Chogyam Trungpa, a Tibetan Buddhist teacher and "eleventh incarnation of the Trungpa Tulku" (whatever that is), offers a very simple description of his meditative technique: letting be.
There are numerous explanations on proper meditative technique, many of them explicitly contradictory of each other. We, as presumed novices, are often told that meditation is not what we think it to be. It then becomes clear that neither is it what other practioners of millennial-old traditions think it is. It would seem sometimes that in order to actually commit ourselves to any one technique, we would either have to become narrowly sectarian believers or, ironically, so spiritually mature that we could make that commitment while realizing it to be but one among equals, and, truly, merely technique.
I have made clear that I am a dabbler. I have made no commitment to any one technique. Consequentially, I have made little 'progress' in any technique. To do so would, I believe, require such a commitment.
In any event, like the proverbial promiscuous butterfly, I have dabbled with the 'letting be' school of meditative technique and, having found some especially sweet nectar there, thought I would share it with you.
A great deal of the debate on meditative technique has to do with thoughts; since they are the most predominant feature of our mental experience, what are we to do about them? Chogyam Trungpa tells us to let them be. This is in harmony with the spirit of Zen which tells us to neither oppose nor pursue thoughts; the point is to not engage them on their own terms. To do so, is to claim them as our own, to be them.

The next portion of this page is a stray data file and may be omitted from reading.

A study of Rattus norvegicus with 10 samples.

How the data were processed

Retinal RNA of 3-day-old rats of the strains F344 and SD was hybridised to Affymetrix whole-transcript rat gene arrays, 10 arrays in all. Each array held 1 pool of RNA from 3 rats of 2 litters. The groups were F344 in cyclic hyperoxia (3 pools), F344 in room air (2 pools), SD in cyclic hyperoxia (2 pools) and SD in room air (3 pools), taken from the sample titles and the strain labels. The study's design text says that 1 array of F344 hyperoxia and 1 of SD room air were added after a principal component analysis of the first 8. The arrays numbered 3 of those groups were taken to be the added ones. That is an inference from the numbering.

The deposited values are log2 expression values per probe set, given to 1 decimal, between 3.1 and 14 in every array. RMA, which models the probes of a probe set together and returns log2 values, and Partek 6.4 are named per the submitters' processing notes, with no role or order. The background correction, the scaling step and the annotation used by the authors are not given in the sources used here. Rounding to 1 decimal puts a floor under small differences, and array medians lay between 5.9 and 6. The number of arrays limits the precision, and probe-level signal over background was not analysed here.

To let be is to not be. To let thoughts be is to not be thoughts. Thoughts arise. I let them. I do not try to stop them. I am indifferent to them. I do not pursue them. I am not them; they are not me. Who am I? It does not matter. To ask is to pursue a thought. I simply am. Without content. There is freedom here.
The very difficulty of such an exercise is in itself incredibly instructive. To be other than the discursive mind, even for a moment, can seem an impossible goal. And thus we begin to see just how that possibility might be radically transformative.
There is, of course, a contradiction in the idea of letting go. We cannot let go, since to do so, is to do something, and that is not letting go. To do requires a doer, and it is the doer that requires letting go. So we say we must let go of letting go. And, of course, we must let go of that, as well. It's curious how these cognitive constructs always lead to infinite regress. And this brings us right back to that place where only something unimaginable and unthinkable can make a difference.